Коренные народы

The Leadership School of Indigenous Women: supporting tomorrow's leaders

Indigenous women face the triple burden of discrimination, because of their gender, their situation of poverty and their being indigenous. We believe that the key to reverse this situation is supporting processes of empowerment of indigenous women, who can become the leaders of tomorrow. Guided by these ideas, FAO and the International Indigenous Women Forum (IIWF-FIMI) joined forces in 2014 to devise a capacity building programme that has been highly successful at the global level, and needed to be transformed for implementation at national levels. 

These new national chapters now integrate FAO's contribution, consisting in a new module on Food Security and Nutrition that seeks to strengthen the participant's capacities in the key areas of FAO's expertise, in particular food security, indigenous food systems and the importance of traditional knowledge. The learning itinerary comprises three steps: a first stage of e-learning through a virtual platform; a two week in person seminar and a third stage that involves the elaboration of advocacy plans that could be implemented by the participants.

Since May 2015, more than 100 indigenous women have been empowered in Bolivia, Peru, India, Philippines, Panama, El Salvador and Paraguay. These women, who come from remote areas and, for some, being the first time they go out of their communities, got together to learn, share their problems and challenges and reflect on how to advocate to improve their situation, in particular regarding food security and nutrition.

In words of the participants

"Indigenous women need this kind of school because most of us do not know about our rights; we know there are rights but we do not know how to implement them and we do not know how to advocate for them. Coming here, participating in this school, I feel that I have learnt so many things that I can take back to the community, to the women I work with."
- Darhmingliani Hloncheu, Mizo community, India

“This is the first time that I am able to join a gathering of indigenous women from different parts of the country and even from outside our country. We can see a democratic dialogue and we are learning through sharing our experiences and listening to the experiences of others.” 

"It’s time for us indigenous women to break our silence. It’s time for us to speak up. Then and now, we see in communities that only a few women are given the opportunity to participate in decision making and this is usually because they are insecure about speaking.”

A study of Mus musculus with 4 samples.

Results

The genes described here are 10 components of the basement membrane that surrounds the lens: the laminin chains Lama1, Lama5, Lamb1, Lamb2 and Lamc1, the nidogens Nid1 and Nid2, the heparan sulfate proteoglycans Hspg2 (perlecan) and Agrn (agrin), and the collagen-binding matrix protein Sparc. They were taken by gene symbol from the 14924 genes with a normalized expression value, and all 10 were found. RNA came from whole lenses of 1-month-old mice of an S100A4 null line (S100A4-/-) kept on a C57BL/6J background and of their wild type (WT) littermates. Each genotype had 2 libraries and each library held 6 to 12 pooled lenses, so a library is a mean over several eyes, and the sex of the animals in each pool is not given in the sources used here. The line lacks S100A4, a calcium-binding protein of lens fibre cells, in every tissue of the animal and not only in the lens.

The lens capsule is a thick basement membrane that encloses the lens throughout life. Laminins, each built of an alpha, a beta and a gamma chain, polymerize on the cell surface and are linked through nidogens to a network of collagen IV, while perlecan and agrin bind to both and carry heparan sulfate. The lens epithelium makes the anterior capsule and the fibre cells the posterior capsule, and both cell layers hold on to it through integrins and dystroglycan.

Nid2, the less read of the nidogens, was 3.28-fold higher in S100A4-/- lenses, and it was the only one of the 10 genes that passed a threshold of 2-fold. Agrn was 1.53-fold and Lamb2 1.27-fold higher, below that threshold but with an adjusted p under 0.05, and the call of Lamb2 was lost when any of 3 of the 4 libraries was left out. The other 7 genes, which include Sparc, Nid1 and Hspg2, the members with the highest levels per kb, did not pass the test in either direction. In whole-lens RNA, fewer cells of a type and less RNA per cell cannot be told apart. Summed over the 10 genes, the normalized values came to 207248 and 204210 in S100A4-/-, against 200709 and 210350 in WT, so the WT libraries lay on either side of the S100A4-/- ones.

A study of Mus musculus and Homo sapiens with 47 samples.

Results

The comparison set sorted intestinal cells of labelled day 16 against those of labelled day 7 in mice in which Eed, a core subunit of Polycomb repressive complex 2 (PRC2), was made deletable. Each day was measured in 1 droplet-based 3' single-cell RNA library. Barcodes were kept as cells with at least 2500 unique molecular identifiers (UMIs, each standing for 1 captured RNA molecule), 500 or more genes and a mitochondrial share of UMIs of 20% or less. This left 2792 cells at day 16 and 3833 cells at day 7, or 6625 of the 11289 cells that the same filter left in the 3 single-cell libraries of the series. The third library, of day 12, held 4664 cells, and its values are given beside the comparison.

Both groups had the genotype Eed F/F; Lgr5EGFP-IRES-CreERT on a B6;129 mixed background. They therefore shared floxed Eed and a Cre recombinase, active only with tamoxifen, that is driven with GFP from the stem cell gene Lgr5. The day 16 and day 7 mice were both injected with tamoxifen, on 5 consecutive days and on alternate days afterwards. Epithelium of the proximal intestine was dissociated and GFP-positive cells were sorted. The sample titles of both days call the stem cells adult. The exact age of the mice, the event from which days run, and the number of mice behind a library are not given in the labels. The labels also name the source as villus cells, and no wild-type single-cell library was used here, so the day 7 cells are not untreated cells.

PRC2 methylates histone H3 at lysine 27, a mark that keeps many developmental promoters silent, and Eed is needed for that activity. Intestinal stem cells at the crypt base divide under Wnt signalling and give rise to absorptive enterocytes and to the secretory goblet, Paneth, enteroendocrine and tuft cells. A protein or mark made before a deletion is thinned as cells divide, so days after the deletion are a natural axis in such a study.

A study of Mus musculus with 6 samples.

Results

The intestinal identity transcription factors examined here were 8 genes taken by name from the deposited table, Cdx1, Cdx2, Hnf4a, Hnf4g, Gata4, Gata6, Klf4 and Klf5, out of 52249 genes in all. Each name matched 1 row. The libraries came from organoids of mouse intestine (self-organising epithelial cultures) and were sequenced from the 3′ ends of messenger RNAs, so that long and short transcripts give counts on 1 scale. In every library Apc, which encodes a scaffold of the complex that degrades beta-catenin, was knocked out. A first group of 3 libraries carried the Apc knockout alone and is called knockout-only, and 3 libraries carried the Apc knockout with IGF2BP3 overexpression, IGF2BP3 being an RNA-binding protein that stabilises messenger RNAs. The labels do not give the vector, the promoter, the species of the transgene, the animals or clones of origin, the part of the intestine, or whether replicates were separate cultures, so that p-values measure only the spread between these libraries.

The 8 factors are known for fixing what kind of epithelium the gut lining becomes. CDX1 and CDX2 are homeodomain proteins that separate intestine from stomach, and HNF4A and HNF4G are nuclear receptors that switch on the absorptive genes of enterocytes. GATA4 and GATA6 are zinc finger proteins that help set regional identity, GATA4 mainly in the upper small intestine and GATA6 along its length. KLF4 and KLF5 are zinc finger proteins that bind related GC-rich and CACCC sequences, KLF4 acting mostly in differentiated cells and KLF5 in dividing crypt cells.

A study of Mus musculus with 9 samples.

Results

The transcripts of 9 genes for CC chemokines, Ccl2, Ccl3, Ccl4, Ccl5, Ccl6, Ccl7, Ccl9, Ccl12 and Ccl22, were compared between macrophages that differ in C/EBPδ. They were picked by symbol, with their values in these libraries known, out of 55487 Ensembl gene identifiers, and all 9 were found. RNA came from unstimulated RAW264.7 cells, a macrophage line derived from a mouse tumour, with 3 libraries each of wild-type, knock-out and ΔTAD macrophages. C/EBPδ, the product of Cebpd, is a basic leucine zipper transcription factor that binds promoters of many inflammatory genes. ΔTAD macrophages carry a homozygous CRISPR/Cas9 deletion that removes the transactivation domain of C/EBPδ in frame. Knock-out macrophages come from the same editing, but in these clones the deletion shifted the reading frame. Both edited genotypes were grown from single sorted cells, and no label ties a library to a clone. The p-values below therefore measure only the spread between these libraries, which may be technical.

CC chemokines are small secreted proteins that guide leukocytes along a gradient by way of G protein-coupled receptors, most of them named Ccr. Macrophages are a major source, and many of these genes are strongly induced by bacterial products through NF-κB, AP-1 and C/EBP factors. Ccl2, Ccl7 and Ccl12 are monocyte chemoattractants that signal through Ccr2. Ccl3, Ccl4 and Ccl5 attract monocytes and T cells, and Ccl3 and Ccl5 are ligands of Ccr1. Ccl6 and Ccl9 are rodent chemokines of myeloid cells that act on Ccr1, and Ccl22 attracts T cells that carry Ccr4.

- Elsie Mokudef, from Teduray Peoples, Maguindanao Province, the Philippines.


"When we talk about women and food security we need to realize that women are vital on the production of food. It is us who produce, who prepare the food and feed our families. We are convinced that in our houses we need to eat our own foods. We indigenous peoples are not poor, on the contrary, we are very rich because we have nature, and nature is alive."
- Judith Paucar, provincia de Puno, Peru


“My advocacy plan is based in food sovereignty, we want the wheat from my region to be produced and processed to make cookies for school breakfast as a way to promote healthy and nutritious consumption of our local products.”
- Clementina Garnica, Ckochas municipality department of Potosí, Bolivia

Key facts about indigenous women

  • Although there is a great diversity in the experiences of indigenous women, there are also common themes they experience across regions.
  • A cross-cutting discrimination that affects all spheres of life and exacerbates inequalities. 
  • Low levels of educational attainment and literacy compared to indigenous men, which results in low access to political participation and decision-making spaces.
  • They are holders of indigenous traditional knowledge, custodians of seeds and stewards of biodiversity conservation. 
  • Indigenous women are steadfast in their demand of social justice, gender equity and respect to indigenous peoples' rights and way of life.